Capitalization Rules for the Names of Games
How do you style the first letter of words for games and similar entertainment? The default setting is lowercase, though of course there are exceptions.
Names of card games are lowercased except for words normally capitalized, thus poker, but “Texas hold ’em.” Names for other games of chance, whether more or less “legitimate” ones like Russian roulette and bingo, those that straddle both worlds (like craps, which has two forms: casino, or table craps, and street craps), and confidence games like three-card monte, follow the same rules. Names of variations, and other terminology, aren’t capitalized, either.
Those of strategy games such as chess and checkers are lowercased, too (but note “Chinese checkers”), as are names of tile games such as dominoes. Traditional children’s games like tag and hopscotch, and those with more complex names, such as capture the flag, hide-and-seek, and king of the castle, need no special emphasis, either.
Brand names of trademarked games like Monopoly, Scrabble, and Chutes and Ladders are capitalized, but note that it is not necessarily to use registration symbols with them. (You will, of course, note the r in a circle adjacent to the brand name on the game itself and in printed and online literature published by the company, as well as in written materials of any company affiliated or in partnership with the trademark holder, but no other publication is required to include such symbols.)
Names of electronic games follow the same rule. You may also see these names italicized or enclosed in quotation marks; the justification for these styles is that such games have a narrative and are therefore equivalent to films. However, names of kinds of software are capitalized but not italicized.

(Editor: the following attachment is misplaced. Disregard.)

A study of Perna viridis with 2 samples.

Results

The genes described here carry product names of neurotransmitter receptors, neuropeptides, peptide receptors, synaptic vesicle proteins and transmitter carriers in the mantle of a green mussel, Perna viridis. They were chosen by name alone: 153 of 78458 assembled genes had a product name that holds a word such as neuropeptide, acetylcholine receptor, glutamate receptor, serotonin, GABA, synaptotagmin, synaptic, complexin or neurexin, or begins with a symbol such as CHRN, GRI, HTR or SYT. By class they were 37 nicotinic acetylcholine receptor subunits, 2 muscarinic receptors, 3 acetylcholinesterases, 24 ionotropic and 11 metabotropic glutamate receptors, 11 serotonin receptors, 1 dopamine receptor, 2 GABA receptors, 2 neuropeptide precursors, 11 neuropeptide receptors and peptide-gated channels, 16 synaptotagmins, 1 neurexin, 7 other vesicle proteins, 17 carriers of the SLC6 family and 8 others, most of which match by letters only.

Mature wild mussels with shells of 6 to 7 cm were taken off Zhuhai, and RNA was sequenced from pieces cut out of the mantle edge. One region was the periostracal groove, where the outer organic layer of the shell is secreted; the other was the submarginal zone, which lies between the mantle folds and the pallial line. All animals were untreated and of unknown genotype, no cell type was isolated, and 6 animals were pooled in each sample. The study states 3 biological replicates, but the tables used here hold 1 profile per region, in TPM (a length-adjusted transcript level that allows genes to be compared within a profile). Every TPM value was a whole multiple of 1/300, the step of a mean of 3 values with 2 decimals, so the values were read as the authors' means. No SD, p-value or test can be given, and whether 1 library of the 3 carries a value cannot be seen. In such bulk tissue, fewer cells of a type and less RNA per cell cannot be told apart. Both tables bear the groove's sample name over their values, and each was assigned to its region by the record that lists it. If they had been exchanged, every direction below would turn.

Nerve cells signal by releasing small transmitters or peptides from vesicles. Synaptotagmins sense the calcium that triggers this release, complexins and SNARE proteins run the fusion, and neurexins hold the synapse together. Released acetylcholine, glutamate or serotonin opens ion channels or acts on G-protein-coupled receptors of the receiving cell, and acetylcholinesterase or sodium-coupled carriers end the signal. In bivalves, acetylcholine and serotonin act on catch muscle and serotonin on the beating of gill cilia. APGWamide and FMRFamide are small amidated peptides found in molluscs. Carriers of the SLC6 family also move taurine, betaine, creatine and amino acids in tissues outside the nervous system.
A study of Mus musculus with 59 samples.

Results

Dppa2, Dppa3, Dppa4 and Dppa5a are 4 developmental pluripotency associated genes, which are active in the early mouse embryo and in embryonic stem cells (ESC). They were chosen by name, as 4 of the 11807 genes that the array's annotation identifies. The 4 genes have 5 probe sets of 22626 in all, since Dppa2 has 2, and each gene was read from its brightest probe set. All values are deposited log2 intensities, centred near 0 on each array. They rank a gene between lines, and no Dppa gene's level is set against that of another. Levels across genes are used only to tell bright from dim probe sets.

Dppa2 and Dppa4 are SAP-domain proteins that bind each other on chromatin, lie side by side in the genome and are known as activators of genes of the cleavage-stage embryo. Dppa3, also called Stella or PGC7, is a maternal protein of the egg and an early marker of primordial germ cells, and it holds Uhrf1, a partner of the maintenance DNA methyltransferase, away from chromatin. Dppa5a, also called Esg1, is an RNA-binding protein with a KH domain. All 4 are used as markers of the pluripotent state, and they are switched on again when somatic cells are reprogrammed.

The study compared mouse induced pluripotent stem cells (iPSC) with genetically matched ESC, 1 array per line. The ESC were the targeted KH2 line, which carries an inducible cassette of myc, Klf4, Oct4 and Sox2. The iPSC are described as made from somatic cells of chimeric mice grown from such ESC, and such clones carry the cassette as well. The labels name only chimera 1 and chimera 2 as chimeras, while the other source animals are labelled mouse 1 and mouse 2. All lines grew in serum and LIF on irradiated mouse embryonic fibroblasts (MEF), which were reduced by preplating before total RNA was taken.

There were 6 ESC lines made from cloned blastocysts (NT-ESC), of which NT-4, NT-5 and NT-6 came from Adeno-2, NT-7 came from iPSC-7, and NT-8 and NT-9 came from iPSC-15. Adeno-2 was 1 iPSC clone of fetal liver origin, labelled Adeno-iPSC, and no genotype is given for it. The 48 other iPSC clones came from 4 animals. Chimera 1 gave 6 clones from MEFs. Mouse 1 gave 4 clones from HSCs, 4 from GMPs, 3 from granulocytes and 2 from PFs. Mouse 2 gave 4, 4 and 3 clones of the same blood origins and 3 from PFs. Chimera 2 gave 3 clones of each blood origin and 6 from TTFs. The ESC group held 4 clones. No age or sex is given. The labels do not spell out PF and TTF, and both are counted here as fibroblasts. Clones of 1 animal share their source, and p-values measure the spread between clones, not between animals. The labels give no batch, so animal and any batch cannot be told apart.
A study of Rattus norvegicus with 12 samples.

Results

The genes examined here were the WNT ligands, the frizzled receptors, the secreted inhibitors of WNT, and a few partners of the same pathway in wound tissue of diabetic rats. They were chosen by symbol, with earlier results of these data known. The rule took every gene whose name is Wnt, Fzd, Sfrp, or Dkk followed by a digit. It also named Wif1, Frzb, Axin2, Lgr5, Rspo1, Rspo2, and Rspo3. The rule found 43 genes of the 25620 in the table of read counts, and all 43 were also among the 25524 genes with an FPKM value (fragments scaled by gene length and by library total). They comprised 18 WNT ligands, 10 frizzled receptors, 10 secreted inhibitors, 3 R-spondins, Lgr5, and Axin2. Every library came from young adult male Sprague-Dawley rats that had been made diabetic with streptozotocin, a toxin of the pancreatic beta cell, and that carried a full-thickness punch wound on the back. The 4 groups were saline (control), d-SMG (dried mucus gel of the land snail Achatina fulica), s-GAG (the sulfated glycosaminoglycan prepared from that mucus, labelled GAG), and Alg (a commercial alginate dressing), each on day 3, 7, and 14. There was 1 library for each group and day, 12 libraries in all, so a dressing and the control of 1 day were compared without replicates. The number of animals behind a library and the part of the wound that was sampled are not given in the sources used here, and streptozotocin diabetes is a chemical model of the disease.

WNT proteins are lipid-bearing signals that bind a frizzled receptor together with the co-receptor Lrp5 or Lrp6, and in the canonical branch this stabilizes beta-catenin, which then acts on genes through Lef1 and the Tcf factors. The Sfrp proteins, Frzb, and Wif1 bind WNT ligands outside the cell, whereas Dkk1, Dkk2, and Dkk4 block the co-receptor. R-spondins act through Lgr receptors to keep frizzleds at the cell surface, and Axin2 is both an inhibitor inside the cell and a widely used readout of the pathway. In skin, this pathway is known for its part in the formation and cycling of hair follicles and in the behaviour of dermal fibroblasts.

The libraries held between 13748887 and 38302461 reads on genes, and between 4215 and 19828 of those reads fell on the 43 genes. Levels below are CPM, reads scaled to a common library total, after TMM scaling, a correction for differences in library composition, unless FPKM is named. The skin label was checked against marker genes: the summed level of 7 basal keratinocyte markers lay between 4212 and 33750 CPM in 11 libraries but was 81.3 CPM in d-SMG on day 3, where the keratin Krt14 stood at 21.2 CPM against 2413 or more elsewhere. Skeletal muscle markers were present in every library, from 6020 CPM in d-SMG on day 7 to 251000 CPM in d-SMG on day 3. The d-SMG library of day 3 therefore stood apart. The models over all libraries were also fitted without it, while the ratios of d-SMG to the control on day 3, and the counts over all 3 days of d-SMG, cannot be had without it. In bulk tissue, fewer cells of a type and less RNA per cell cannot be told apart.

Names for games like pool and its variants, foosball, air hockey, and other tabletop entertainments should not be capitalized.
Names of competitive sports such as baseball, basketball, and football are lowercase, but note that Major League Baseball is not merely a description of the highest level of professional baseball in the United States but also the official designation and is thus capitalized.
Names of large competitive events are capitalized: Examples include, in the United States, the World Series and the Super Bowl, and internationally, the Olympic Games (informally called the Olympics) and the Pan American Games. (But note that “Highland games” is a description and not the name of a specific event.)
Hi, can you give examples of electronic games, the ones you lowercase and/or enclose quotation marks. Do you retain the capitalization of Counter-strike, Red Alert, Starcraft?
When I was working for my college newspaper, we came across a game that caused a lot of uncertainty: ultimate frisbee. The word “Frisbee” alone is capitalized, but when we combine it with “ultimate,” we decided it was a sport and shouldn’t have any more distinction than baseball, basketball, or football. We wrote it as “ultimate frisbee.” What are your thoughts?
Virtually all games that are products, including the ones you list, should be at least capitalized. (The only exceptions are products that consist of traditional game equipment: A jump rope available in a plastic package at a store may be labeled “Jump Rope,” but it’s still a jump rope used to play jump rope.)
That’s an interesting case. I did some research online and learned that the preferred name is simply ultimate, equivalent to football, etc., to avoid using the Frisbee trademark. I suppose the sports organizers opted not to genericize the game’s name as ultimate flying disc.
Wham-O, the maker of Frisbees, would not have been pleased to read in your school newspaper about “ultimate frisbee” (or “ultimate Frisbee,” for that matter), and if a company representative done so, the university would likely have received a cease-and-desist letter. Sigh.
I Want to know about the Capitalization.
Please give me some Exercises to do and give me the answer.
“… but note that it is not necessarily to use registration symbols with them.” Shouldn’t it be ‘necessary’ and not “necessarily”?